Mononucleosis—often known simply as “mono”—has an incubation period of one to two months. Once symptoms appear, recovery can take an additional four to six weeks. Until your physician tells you it is safe to resume more strenuous workouts, avoid any but the mildest exercise (e.g., short walks).
In many mono patients, the spleen—a large blood-filtering gland located in the upper-left part of your abdomen—becomes enlarged. Participating in contact sports or simply moving around too much can put you at risk for a ruptured spleen, a rare but possible complication of mono. If, despite taking precautions, you experience sharp abdominal pain, confusion, dizziness, fainting or blurred vision, contact your physician immediately. The doctor will then determine if you need to go to the emergency room.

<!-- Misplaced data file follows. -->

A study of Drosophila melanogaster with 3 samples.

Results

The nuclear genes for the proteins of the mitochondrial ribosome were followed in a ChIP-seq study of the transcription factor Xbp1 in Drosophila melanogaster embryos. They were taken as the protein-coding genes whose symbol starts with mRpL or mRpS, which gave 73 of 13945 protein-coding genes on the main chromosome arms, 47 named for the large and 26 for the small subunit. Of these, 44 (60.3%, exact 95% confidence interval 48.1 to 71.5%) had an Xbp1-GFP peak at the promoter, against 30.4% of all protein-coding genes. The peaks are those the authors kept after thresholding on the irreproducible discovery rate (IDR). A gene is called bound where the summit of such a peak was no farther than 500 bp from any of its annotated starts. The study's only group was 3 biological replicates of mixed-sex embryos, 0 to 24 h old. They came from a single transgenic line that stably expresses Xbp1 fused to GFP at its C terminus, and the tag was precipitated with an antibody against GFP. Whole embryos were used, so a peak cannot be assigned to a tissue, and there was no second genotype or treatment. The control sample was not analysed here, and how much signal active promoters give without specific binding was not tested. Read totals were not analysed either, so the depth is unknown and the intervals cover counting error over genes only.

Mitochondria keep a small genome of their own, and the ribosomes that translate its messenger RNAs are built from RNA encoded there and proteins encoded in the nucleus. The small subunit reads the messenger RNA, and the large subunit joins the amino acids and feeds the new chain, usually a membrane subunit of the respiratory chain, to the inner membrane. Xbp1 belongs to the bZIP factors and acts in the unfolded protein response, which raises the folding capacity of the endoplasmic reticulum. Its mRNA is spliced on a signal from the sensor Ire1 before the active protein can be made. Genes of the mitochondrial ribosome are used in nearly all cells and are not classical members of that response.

It is also important to avoid exercise because too much activity during the first weeks of mono can make symptoms linger longer and be more severe than they otherwise would. This is true whether you initially feel fatigued or not.
One more point: Stay hydrated. When you feel feverish and are coping with throat and neck discomfort, you may not be interested in eating or drinking. But taking in lots of fluid will help your body counteract the virus causing your illness. In fact, to help the recovery process, you should try to consume at least twice the amount of fluids you normally would.
Typically, a person with mono experiences fever and pain from swollen glands for a week or two, followed by up to three months of fatigue. During the later period, listen to your body. If you feel up to a short walk and do not experience fever or dizziness, go ahead. When your physician agrees it is time for more vigorous exercise (usually after two to three months), we can design a physical therapy program to help recondition your body so you can eventually resume your prior level of activity.